If you have never heard of the city of Albi in the south of France, don't feel bad. When I was invited there on a press trip by the French tourism agency Atout France I had no idea either. "But Edward, it is a beautiful city in the Midi-Pyrénées," I was told, which sounded to me like the middle of nowhere. The next thing I hear is that one of my favorite artists, Toulouse-Lautrec, was born in Albi and his museum there has the largest collection of his art in the world, close to 1000 pieces. That clinched the deal.
So there are five of us, American journalists, meeting in the city of Toulouse. The next morning we start our journey through a dozen of the ancient towns and villages that make up part of the famous Catholic pilgrimage route
to Santiago de Compostela in northern Spain. But the agenda of our press trip is a pilgrimage of a different kind: art, history and gastronomy.
The beautiful medieval city of Albi with its ancient bridges over the river Tarn delivered more than I had hoped for. Its Gothic Sainte-Cécile Cathedral has an intimidating, fortress like appearance, but inside it is a totally different story. The opulent interiors, with their sumptuous mosaic and fresco decorations, made a huge impression on me. I could have spent the whole day there, but damn, we had only half an hour before being whisked away for the rendezvous with Toulouse-Lautrec.
recently reopened after a lengthy remodeling and its newly refurbished elegant galleries made me forget that I was in the "middle of nowhere." I was stunned to see how many major works by the artist belong to this museum. After Toulouse-Lautrec's death his family wanted to donate this vast collection to a major museum in Paris, but the answer was a polite "Merci beaucoup, but NO." And that's how this museum in Albi was born. If you ever find yourself in this charming city, I suggest that you stay there for at least two days to give yourself a chance to enjoy it.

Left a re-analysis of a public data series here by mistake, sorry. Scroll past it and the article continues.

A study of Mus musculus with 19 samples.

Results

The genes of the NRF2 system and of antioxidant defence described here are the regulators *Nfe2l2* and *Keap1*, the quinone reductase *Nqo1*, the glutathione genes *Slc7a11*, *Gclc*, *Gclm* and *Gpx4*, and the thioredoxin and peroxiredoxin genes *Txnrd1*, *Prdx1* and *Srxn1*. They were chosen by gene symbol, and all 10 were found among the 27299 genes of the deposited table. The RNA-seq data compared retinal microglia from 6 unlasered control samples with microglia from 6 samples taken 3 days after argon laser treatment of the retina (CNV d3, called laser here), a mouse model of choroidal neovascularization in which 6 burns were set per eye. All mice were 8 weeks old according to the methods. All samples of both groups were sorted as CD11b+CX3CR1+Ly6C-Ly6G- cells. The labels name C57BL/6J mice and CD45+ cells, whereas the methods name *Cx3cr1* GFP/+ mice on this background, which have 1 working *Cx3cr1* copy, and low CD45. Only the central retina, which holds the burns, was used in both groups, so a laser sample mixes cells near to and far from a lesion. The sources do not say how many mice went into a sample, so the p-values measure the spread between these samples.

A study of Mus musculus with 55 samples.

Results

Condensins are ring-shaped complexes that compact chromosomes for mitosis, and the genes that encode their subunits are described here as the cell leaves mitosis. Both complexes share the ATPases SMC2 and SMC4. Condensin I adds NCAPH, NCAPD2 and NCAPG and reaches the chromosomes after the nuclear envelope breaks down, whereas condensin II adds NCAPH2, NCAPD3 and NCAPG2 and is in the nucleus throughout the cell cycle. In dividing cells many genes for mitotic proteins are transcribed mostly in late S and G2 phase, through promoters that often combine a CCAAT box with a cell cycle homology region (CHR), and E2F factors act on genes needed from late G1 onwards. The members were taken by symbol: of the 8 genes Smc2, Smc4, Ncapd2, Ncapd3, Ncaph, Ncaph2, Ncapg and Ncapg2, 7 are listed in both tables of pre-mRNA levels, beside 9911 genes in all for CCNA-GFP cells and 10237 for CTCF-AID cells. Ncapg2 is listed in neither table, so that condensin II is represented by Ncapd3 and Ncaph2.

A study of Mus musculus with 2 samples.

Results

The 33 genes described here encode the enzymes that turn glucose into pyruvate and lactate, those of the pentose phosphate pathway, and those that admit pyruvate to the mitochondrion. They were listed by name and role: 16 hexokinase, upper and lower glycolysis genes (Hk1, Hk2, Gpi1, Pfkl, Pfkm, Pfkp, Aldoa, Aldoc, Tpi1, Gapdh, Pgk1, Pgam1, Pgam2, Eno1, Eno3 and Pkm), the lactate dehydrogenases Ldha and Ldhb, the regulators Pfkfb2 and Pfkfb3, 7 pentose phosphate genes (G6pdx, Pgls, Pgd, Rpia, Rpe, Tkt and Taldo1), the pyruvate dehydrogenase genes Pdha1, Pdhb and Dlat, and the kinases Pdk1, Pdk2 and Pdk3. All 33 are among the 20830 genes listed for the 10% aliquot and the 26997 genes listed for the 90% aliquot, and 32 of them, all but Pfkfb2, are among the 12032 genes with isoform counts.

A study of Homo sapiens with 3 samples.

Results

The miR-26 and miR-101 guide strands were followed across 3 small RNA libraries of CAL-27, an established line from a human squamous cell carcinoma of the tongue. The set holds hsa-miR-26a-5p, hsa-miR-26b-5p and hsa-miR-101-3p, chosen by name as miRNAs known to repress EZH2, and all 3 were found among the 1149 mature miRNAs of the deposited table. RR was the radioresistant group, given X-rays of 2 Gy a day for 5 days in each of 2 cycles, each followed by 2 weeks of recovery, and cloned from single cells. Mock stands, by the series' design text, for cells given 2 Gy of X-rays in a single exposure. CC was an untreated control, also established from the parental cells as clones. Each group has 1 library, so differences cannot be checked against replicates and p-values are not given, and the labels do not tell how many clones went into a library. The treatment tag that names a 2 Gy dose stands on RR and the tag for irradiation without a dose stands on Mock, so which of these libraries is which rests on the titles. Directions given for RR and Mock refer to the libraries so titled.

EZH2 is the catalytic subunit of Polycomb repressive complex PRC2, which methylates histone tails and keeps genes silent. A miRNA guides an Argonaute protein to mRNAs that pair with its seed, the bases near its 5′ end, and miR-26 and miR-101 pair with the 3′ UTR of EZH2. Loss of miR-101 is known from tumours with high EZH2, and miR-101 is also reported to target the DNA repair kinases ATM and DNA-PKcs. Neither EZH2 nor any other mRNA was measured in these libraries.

The tiny town of Conques with a population of a few hundred people sits high in the mountains and looks exactly like the setting of your favorite childhood fairytale. Every stone in this city is ready to tell you a story.
But the best thing happened when the city's mayor took us on a midnight tour of its 11th century Saint Foy Abbey-Church. Even for me, being an atheist, the experience was overwhelming. The spiritual minimalism of its architecture evoked for me the essence of such modern and contemporary artists as Kazimir Malevich and Ellsworth Kelly.
One day and a few ancient cities later we are at the Chateau de Mercuès
, the epitome of a fairytale castle. A former Episcopal palace, this beautiful building is now a hotel and well-known winery. In the middle of the night I got out of bed and walked outside to see the castle at night, pinching myself to be sure that I was not dreaming.
Another day, another city. But this time it is the city of Condom, I kid you not. We are staying in a rather unappealing hotel, and in the city center I encounter the most unappealing artwork of the whole trip -- the bronze sculpture of the Three Musketeers, given to the city by a second-rate Russian sculptor. At the rescue comes the invitation to go to taste Armagnac at a private museum and wine storehouse
. I am not a big drinker and ten o'clock in the morning is definitely not my idea of the best time to down my liquor. But here I am, sniffing and sipping a variety of Armagnacs with unexpected enthusiasm, ready to pay for it with a huge headache. And you know what, the rest of the day I traveled with the biggest smile on my face.
Our trip ended where it started, in the city of Toulouse. We had a walking tour through the historic center of this bustling university city of 600,000, and finished with a mouth-watering goodbye dinner, where I indulged myself with plenty of foie gras, fully knowing that upon my return home to Los Angeles this delicacy would be outlawed in California.
Banner Image: Summer solstice in Toulouse. Photo by Edward Goldman
Edward Goldman is an art critic and the host of Art Talk, a program on art and culture for NPR affiliate KCRW 89.9 FM. To listen to the complete show and hear Edward's charming Russian accent, click here.